France at odds with US over UN police presence in Burundi

France at odds with US over UN police presence in Burundi

United Nations (United States) (AFP) - France on Friday faced opposition from the United States over its proposed resolution aimed at laying the groundwork for a UN police presence to help quell violence in Burundi, diplomats said.

The draft resolution requests that UN Secretary-General Ban Ki-moon hold talks with the Burundian government and the African Union on the proposed international presence and present options to the Security Council within 15 days.

The text, obtained by AFP, provides for the "deployment of a United Nations police contribution to increase the United Nations capacity to monitor the security situation, promote the respect of human rights and advance rule of law" in Burundi.

It did not specify the size of the proposed police force.

France requested a vote on the measure later Friday, but the United States made clear it was not ready to support the text, diplomats said.

The United States raised concerns with provisions that call on the United Nations to help Burundi on "disarmament, security and rule of law".

The language was seen as imprecise and a potential source of problems after the Burundian government launched a disarmament campaign that brutally targeted opposition activists.

"I don't think we want the UN to be working with the government of Burundi on disarmament," said a Security Council diplomat.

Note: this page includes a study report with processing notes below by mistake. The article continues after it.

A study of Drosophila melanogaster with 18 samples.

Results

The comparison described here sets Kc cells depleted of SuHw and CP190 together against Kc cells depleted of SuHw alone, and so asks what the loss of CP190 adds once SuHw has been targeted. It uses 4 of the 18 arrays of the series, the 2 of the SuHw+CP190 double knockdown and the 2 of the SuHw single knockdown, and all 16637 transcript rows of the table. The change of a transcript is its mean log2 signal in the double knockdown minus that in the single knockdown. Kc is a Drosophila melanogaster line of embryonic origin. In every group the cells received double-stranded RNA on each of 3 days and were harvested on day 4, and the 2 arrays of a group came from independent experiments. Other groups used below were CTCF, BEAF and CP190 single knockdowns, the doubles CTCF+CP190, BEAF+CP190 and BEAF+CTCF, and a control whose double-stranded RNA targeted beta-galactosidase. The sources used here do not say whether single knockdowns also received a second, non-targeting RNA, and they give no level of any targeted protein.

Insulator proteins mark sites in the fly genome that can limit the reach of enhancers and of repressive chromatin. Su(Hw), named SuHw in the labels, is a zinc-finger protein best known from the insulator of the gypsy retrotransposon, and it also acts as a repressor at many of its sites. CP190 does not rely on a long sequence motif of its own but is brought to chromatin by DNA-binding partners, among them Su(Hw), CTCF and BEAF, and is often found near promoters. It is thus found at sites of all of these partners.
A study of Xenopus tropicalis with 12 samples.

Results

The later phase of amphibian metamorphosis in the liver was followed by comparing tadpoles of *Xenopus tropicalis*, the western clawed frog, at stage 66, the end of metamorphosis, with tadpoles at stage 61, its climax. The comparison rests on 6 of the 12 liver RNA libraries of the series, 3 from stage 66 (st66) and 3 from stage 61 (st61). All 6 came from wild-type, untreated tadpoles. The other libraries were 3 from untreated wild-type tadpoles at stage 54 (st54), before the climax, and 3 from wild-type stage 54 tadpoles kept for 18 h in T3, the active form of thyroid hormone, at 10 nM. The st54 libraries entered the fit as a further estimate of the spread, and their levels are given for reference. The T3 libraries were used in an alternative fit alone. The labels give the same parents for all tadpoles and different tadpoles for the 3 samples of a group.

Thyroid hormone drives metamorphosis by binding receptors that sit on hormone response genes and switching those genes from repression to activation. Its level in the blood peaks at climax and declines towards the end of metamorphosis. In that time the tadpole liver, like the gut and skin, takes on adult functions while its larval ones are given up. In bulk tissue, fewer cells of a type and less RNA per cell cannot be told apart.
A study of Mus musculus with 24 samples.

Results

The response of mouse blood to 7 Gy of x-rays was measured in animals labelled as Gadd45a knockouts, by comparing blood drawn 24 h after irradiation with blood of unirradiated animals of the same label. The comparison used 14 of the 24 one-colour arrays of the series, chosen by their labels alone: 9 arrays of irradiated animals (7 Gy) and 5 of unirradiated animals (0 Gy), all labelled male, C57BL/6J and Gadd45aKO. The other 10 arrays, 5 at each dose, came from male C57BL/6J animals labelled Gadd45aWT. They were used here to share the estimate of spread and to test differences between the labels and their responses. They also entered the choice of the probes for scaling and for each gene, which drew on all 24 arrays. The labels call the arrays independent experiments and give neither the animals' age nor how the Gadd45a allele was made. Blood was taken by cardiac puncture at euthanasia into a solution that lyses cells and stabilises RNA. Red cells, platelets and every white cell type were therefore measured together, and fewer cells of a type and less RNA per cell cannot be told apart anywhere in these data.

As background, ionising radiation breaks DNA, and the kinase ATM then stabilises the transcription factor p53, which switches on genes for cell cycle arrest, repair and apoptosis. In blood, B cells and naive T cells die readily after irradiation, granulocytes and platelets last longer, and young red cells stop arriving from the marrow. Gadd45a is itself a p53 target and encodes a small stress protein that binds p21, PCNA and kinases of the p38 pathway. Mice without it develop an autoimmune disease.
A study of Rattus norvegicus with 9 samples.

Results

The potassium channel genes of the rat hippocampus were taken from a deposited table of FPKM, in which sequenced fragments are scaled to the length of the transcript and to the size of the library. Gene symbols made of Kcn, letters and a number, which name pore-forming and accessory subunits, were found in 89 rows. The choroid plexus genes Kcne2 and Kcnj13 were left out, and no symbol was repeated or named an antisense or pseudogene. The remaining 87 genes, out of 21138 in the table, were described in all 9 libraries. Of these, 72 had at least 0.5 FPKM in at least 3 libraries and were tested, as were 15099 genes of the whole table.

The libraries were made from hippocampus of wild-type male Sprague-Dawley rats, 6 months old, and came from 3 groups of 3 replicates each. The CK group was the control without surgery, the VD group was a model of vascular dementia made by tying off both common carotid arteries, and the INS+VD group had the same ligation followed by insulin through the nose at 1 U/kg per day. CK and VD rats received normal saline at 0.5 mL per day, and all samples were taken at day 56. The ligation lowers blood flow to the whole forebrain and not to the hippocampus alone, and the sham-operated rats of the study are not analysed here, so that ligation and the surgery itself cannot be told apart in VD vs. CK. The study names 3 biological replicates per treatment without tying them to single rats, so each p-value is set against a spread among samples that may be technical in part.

The United States also complained that the draft text was rushed through and argued for more time to consider the measure, according to diplomats who asked not to be named.

The draft resolution also calls for beefing up the UN team of envoy Jamal Benomar, but the mandate of the enhanced political mission was not spelled out.

- Torture on the rise -

Burundi has been in turmoil since President Pierre Nkurunziza announced plans in April to run for a third term, which he went on to win.

Violence has left more than 400 dead, driven more than 240,000 people across the border and fueled fears of mass atrocities in the country.

At a council meeting last week, UN High Commissioner for Human Rights Zeid Ra'ad Al Hussein said reports of torture were on the rise since the beginning of the year and that Burundians "live in terror."

A recent visit by UN rights officials to detention centers in the capital Bujumbura found that almost half of detainees had been tortured or ill-treated, some seriously, he said.

After days of negotiations on the text, France presented a final version late Thursday and requested the vote.

Russian Deputy Ambassador Petr Iliichev told reporters that he was ready to support the text, if it contained clear provisions on consulting the Burundian government.

"There is no question of an international police presence substituting Burundian security forces. It's their job. But any kind of assistance they can provide will be more than welcome," Iliichev said.

The Russian envoy said he envisaged a small deployment of fewer than 100 police officers who could help Burundi ensure its security forces respect human rights standards.

The draft resolution urges the government of Burundi and all parties to "reject any kind of violence and condemn any public statement inciting violence or hatred."

During a visit by Security Council ambassadors to Burundi in January, Nkurunziza dismissed concerns that his country could slide into ethnic killings, similar to the 1994 genocide in Rwanda.

Burundi has the same Hutu-Tutsi mix as Rwanda.